April 2005

AISI and AIST Foundation launch “Ferrous Metallurgy Education Today”

Washington, DC— The American Iron and Steel Institute (AISI) has teamed up with the Association for Iron and Steel Technology Foundation (AIST Foundation) to create the Ferrous Metallurgy Education Today (FeMET) Initiative. Its three goals are to compel more students to choose metallurgy or materials science as their field of study; to recruit more of such graduates into the steel industry and to increase the number of professors knowledgeable in steel in U.S. universities.

“The four-point program set to launch on March 4 and be effective in the fall, 2005 demonstrates the steel industry’s innovativeness and aggressiveness,” Andrew G. Sharkey, III, AISI president and CEO said.

“The steel industry needs to cultivate the next generation of skilled metallurgists who will create the innovative products that will strengthen steel’s position as the material of choice for thousands of industrial and consumer applications,” AIST Executive Director Ron Ashburn said.

The program’s comprehensive strategy includes a scholarship and summer internship program for college juniors and seniors, a design grant program, a curriculum development program and a steel industry-university advisory round table.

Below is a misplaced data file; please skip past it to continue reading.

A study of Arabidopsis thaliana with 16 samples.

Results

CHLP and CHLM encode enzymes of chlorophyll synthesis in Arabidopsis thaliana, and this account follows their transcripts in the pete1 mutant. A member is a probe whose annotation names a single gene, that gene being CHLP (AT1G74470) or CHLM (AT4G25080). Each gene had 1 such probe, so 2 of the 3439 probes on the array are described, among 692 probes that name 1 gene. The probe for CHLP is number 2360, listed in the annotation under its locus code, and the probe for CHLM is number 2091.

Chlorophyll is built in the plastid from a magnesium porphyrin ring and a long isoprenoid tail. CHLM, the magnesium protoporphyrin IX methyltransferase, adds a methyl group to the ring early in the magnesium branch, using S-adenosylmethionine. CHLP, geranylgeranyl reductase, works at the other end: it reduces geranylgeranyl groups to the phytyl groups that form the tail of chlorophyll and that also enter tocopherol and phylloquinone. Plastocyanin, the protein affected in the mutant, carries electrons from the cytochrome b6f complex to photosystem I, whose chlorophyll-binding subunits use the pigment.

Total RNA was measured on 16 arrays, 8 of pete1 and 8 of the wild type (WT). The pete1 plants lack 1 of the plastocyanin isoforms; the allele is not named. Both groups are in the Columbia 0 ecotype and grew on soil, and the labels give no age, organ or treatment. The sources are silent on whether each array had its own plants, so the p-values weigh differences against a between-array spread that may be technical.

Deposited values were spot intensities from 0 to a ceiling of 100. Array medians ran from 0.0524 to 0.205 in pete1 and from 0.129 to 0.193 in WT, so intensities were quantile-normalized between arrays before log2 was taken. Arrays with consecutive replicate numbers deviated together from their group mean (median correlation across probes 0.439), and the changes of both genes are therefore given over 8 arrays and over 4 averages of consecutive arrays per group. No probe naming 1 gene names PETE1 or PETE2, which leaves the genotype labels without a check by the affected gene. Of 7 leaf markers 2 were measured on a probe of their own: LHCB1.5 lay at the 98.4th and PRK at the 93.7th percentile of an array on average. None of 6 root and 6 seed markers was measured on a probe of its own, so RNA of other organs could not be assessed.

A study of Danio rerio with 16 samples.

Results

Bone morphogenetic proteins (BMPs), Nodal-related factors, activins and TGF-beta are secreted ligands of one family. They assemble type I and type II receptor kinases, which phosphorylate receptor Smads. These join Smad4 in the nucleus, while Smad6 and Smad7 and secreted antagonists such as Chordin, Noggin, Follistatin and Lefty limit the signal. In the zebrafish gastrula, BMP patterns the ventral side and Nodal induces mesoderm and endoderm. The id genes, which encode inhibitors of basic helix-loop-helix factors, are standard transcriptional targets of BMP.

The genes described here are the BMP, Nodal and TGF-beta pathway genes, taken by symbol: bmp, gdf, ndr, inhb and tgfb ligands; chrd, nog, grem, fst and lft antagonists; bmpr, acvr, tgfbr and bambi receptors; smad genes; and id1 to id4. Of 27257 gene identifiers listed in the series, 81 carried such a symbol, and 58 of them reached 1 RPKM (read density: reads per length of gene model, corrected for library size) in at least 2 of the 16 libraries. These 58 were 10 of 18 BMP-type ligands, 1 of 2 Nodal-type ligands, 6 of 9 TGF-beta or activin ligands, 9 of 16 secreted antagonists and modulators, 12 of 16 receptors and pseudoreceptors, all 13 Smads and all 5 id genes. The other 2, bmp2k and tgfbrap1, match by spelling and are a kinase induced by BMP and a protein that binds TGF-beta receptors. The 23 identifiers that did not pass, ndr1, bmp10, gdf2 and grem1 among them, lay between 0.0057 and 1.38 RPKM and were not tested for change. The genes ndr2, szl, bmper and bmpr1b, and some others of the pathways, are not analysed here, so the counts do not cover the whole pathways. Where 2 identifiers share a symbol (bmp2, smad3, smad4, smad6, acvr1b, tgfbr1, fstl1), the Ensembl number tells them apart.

Ten recipients of the scholarship and summer internship program will be awarded $5,000 their junior year, a paid summer internship with a North American steel company between their junior and senior year, and $5,000 toward their senior year tuition.

It is the program’s goal that this scholarship and summer internship provides incentive for students to become involved in the steel industry. As a result, students entering the program are ensured a two-year commitment by the program, provided a satisfactory performance by the student both academically and in their internship.

The Design Grant portion of the program will direct a team of students and professors to address an industry problem or “challenge” by working collaboratively to determine how the problem is best solved. Design Grants will be awarded on a competitive basis.

The Curriculum Development program, an important element in the FeMET Initiative, will develop steel-centric course materials and themes to deepen the exposure students receive to ferrous metallurgy and to the steel industry as it functions today.

In order for the program to work successfully, a “Steel-University Advisory Round Table” made up of universities and steel companies in North America, as well as representatives from AISI and the AIST Foundation, will be formed. This group will ensure a close working relationship between its members on critical issues within the FeMET Initiative including relevant curriculum, recruiting and student placement.